About Francis Feeney
Francis Ford (born Francis Feeney, August 14, 1881 – September 5, 1953) was a prolific film actor, writer, and director. He was the mentor and older brother of film director John Ford. He also appeared in many of John Ford's movies, including Young Mr. Lincoln and The Quiet Man.
Francis Ford was born in Portland, Maine. He was the son of John A. Feeney, who was born in the village of Spiddal, County Galway, Ireland, on June 15, 1854. By 1878, John had moved to Portland, Maine and opened a grocery store, at 42 Center Street, that posed as a front for a saloon. John opened four others in following years.
After service in the infantry in the Spanish-American war, Francis left home. He drifted into the film business in New York City, working for David Horsley, Al Christie, and the Star Film Company's San Antonio operation under Gaston Méliès. He adopted the name Ford from the automobile. From San Antonio Francis began his Hollywood career working for Thomas H. Ince at Ince's Bison studio, directing and appearing in westerns.
Francis Ford's younger brother, John M. Feeney, was a successful fullback and defensive tackle on a Portland High state championship football team, nicknamed "Bull". In 1914 Bull followed Francis to Hollywood, changed his name to John Ford and would eventually surpass his older brother's considerable reputation.
Francis Ford's son, Philip Ford, was also a film actor/director.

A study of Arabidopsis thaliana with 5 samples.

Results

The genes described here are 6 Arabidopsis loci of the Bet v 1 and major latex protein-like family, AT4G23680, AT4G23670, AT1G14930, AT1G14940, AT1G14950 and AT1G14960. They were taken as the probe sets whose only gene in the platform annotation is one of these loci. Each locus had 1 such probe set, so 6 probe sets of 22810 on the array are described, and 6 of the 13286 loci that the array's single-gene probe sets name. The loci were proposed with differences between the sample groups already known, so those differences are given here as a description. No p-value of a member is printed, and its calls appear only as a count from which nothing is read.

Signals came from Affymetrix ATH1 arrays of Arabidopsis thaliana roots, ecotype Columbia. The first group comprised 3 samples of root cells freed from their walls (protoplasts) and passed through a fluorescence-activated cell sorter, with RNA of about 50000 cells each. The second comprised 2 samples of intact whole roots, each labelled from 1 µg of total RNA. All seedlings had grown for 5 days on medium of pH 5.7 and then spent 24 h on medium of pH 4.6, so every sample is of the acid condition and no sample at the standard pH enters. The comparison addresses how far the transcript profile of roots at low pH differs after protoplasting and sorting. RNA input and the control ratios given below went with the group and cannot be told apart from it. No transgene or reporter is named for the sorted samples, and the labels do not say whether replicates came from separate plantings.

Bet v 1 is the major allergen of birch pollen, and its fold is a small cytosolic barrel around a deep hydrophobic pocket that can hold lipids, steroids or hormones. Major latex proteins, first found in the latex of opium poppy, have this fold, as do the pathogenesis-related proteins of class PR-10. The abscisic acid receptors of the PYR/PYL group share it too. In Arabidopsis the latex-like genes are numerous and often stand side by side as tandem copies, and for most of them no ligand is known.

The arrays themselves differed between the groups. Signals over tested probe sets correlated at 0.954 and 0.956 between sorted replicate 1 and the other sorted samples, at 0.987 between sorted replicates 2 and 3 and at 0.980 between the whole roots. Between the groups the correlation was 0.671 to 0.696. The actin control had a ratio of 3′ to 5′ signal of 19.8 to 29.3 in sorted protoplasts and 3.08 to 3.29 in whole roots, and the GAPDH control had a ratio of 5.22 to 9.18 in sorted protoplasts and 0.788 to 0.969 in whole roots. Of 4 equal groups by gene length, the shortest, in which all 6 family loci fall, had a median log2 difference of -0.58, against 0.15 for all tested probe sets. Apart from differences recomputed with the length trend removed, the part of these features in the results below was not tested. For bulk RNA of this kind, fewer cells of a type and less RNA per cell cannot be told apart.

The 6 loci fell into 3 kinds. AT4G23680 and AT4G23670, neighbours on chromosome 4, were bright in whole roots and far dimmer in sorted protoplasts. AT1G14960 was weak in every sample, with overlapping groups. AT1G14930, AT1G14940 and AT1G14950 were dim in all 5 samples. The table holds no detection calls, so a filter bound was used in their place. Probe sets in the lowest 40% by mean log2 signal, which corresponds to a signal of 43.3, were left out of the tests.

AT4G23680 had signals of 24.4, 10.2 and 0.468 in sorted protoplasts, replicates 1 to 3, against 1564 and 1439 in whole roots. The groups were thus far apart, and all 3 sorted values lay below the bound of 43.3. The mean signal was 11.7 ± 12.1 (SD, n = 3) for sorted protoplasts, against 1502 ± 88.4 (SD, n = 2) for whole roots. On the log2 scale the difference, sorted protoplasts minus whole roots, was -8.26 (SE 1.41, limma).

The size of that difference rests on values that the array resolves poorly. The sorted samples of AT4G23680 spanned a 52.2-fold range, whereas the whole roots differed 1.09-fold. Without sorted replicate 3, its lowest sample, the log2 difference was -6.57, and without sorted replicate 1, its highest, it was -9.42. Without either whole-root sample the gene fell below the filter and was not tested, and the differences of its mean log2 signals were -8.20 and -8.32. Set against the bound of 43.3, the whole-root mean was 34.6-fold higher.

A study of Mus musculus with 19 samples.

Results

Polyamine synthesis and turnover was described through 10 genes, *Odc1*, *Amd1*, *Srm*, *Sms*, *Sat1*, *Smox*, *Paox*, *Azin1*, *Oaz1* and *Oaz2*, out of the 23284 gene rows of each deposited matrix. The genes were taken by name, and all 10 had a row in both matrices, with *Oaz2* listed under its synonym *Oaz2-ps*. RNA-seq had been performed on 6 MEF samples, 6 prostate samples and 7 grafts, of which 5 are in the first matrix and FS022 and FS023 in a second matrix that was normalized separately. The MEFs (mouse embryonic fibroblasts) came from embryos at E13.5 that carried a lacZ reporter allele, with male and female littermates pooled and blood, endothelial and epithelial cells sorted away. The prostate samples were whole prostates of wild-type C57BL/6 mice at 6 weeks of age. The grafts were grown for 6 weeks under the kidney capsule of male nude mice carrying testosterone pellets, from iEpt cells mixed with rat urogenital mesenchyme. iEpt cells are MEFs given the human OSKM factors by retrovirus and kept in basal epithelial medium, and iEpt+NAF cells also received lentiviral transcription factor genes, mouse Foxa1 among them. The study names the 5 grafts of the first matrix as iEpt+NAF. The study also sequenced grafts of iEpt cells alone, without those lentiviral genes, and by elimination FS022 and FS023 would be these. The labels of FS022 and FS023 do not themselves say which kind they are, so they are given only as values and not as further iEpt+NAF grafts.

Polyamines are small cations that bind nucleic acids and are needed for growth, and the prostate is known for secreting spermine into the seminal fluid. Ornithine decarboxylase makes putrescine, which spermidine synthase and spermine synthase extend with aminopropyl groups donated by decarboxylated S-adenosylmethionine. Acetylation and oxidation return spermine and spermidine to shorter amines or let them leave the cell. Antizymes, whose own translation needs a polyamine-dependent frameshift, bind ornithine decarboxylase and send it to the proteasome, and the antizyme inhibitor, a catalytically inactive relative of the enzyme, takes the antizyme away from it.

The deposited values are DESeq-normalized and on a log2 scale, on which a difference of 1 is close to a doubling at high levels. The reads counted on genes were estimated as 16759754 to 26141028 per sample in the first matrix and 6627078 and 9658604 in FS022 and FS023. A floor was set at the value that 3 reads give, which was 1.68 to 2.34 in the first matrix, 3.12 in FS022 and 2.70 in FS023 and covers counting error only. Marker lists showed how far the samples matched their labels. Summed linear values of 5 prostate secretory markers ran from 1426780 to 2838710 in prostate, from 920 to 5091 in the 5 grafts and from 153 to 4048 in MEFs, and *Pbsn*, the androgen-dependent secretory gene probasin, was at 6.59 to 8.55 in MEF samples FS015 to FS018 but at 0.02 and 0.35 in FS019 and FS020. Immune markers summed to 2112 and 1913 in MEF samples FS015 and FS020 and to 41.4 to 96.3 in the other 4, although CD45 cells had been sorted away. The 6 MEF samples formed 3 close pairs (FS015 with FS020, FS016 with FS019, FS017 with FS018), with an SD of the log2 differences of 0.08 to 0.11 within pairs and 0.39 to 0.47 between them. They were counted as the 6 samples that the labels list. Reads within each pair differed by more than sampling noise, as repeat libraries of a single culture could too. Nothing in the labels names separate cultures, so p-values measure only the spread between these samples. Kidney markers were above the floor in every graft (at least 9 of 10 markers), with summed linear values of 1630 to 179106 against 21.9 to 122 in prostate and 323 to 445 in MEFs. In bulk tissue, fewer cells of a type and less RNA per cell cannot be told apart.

Ford acted in over 400 films altogether, with many of his early credits poorly documented and likely lost.
Ambitious and prolific, in Ford's early work he cast himself as George Armstrong Custer, Sherlock Holmes (with his younger brother as Dr. Watson), and Abraham Lincoln, a role which he specialized in. By 1912 Ford was directing alongside Thomas Ince. It rapidly became clear that Ince was characteristically taking credit for Ford's work, so Ford moved to Universal in early 1913. His 1913 Lucille Love, Girl of Mystery was Universal's first serial, and the first of a string of very popular serials starring Ford's collaborator and lover Grace Cunard. The 1915 serial The Broken Coin was expanded from 15 to 22 episodes by popular demand, probably the height of Ford's career.
In 1917 Ford founded a short-lived independent company, Fordart Films, which released the 1918 Berlin via America with Phil Kelly, and briefly opened his own studio at Sunset Boulevard and Gower Street. At the same time Ford mentored his younger brother, collaborating frequently as writers, directors, and actors in each other's projects. But as early as 1917, it was clear that John's star was on the rise. Frank's directorial style remained suitable for serials, but failed to evolve. Ford's final known directoral credit is for the 1928 The Call of the Heart, a 50-minute vehicle for "Dynamite the Devil Dog".
The Ford brothers were, at the best of times, critical of each other, and sometimes sharply antagonistic. Ford wrote an unpublished memoir in 1934 called "Up and Down the Ladder" which is "filled with bitter and sometimes heartrending complaints about how old-timers who had helped create the industry had been shunted aside by younger men."
From the late 1920s, and for the next two decades, Ford sustained a career as a grizzled character actor and bit player. He is often uncredited, as in his appearance in James Whale's 1931 Frankenstein. Among his most memorable roles was that of the demented old man in The Ox-Bow Incident (1943).